AIM: To understand nurses' perceptions and experiences of work role transitions.
BACKGROUND: Globally an uncertain healthcare landscape exists and when changing work roles nurses experience periods of transition when they may not cope well. A greater understanding of work role transitions may help facilitate workforce retention and successful careers.
DESIGN: Mixed methods systematic review.
DATA SOURCES: Six data bases were searched for peer reviewed primary empirical research, published in English language between January 1990 and December 2014, supplemented by hand and citation searching.
REVIEW METHODS: Evidence for Policy and Practice Information and Co-ordinating Centre methods for systematic reviews principles were followed. Analysis and synthesis of the qualitative and quantitative papers was conducted separately using thematic analysis. A third synthesis combined the narrative findings and a narrative synthesis of results is presented.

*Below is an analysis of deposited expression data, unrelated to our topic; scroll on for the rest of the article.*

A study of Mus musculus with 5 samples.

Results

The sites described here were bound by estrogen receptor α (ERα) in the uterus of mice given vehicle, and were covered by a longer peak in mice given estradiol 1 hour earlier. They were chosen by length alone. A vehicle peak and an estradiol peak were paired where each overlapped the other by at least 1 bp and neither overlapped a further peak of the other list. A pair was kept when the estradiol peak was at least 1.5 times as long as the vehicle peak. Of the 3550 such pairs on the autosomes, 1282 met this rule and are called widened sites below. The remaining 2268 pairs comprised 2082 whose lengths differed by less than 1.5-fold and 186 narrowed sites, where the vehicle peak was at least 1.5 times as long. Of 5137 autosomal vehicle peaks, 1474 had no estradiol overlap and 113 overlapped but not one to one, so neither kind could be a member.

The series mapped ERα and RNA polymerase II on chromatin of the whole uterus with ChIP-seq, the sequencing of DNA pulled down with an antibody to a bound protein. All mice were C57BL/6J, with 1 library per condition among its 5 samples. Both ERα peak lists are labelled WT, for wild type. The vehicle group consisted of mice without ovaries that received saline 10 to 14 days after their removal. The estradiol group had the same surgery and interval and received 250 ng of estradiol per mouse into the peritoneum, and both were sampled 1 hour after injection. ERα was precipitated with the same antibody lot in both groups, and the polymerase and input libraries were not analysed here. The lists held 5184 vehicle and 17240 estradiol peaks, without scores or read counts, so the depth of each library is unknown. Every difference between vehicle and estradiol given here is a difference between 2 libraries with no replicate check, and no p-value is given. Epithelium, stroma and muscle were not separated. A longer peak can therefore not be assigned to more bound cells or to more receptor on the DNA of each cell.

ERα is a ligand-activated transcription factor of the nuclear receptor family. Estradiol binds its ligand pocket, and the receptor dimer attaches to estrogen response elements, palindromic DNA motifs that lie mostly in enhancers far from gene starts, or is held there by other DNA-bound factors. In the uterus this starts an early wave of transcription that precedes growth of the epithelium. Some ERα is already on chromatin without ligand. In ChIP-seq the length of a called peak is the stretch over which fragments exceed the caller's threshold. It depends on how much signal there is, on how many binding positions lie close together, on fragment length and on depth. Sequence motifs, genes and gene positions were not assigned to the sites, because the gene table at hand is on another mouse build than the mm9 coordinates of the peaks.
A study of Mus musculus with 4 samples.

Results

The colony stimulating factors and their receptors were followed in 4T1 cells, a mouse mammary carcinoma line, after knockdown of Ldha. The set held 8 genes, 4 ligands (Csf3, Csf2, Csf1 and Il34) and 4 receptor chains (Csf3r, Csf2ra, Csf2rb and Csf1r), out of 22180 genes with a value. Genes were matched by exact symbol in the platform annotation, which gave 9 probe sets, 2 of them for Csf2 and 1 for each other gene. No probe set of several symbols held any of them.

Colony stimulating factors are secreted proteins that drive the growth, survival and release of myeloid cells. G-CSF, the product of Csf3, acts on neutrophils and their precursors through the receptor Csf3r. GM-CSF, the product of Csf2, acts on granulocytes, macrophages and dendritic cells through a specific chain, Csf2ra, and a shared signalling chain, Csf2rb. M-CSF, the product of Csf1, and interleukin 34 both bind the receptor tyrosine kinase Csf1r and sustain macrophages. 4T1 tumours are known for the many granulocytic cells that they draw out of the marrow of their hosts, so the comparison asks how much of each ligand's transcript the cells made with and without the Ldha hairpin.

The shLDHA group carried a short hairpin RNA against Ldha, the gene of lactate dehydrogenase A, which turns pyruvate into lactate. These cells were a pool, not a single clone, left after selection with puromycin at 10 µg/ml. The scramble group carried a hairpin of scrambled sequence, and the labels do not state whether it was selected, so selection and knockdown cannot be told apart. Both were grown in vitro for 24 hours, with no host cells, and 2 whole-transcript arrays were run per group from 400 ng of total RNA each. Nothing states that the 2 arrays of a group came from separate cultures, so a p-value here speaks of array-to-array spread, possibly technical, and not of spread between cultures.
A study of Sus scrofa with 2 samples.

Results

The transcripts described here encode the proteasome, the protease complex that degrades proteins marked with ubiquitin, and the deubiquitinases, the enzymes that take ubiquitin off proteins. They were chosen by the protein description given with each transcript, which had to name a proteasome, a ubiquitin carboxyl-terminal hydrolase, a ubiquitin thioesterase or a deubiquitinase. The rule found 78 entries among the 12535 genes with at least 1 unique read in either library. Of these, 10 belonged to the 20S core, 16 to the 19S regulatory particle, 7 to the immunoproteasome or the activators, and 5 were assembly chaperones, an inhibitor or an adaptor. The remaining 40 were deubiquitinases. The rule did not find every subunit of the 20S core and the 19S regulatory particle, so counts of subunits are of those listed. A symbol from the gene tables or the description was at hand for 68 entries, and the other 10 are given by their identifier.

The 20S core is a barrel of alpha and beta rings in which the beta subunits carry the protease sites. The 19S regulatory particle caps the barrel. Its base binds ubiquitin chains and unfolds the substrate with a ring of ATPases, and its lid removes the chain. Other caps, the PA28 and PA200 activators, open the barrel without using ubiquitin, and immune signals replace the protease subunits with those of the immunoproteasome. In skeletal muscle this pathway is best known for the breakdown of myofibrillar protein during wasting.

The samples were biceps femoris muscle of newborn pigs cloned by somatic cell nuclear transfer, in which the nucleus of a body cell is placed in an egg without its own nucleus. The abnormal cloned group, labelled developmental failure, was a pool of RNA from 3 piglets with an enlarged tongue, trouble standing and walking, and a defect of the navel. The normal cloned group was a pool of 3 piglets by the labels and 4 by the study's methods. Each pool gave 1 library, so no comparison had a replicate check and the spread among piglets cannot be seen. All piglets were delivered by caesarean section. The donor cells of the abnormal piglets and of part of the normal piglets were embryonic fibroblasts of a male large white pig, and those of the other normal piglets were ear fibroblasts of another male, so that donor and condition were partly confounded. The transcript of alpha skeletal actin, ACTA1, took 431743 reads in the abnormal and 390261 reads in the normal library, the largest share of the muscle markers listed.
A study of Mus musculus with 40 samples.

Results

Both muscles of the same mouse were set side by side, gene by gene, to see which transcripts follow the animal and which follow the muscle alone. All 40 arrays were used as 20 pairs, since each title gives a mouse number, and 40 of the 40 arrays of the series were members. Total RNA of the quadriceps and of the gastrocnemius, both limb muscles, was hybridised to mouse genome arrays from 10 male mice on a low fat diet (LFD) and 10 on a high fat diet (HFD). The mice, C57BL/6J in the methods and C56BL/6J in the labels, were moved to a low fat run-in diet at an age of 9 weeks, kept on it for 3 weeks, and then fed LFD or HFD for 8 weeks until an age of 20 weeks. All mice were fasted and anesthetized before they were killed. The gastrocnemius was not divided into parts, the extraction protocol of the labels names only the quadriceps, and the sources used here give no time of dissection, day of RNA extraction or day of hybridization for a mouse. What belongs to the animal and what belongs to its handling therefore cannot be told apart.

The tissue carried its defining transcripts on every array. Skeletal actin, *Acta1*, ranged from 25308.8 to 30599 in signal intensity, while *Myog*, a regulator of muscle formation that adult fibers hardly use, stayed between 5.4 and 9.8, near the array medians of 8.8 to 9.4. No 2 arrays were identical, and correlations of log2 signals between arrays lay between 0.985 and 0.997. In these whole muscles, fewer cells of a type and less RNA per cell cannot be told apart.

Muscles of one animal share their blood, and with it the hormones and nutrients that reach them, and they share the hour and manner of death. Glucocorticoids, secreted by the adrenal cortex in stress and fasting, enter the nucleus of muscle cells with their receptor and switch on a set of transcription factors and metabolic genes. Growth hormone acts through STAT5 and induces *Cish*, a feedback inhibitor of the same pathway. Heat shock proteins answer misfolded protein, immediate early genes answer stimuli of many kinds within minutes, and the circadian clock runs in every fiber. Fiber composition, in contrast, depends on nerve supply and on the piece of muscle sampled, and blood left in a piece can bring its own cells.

RESULTS: Twenty-six papers were included. Across nurses' work role transitions two pathways were found: Novice and Experienced. 'Novice' comprises pre-registration and newly qualified nurses. 'Experienced' comprises, Enrolled/Licensed Practical Nurse to Registered Nurse, experienced to specialist nurse and clinical role changes. Each pathway results in different emphasizes of two themes; 'Striving for a new professional self' includes emotional upheaval and identity while 'Know how' includes competence and boundaries. Novice nurses are more susceptible to the extremes of emotional upheaval while experienced nurses' competence eases aspects of transitions while boundary issues pervade.
CONCLUSION: Informed work and educational environments are required for all groups of nurses. Using existing models of transition can facilitate successful individual transitions and develop the workplace.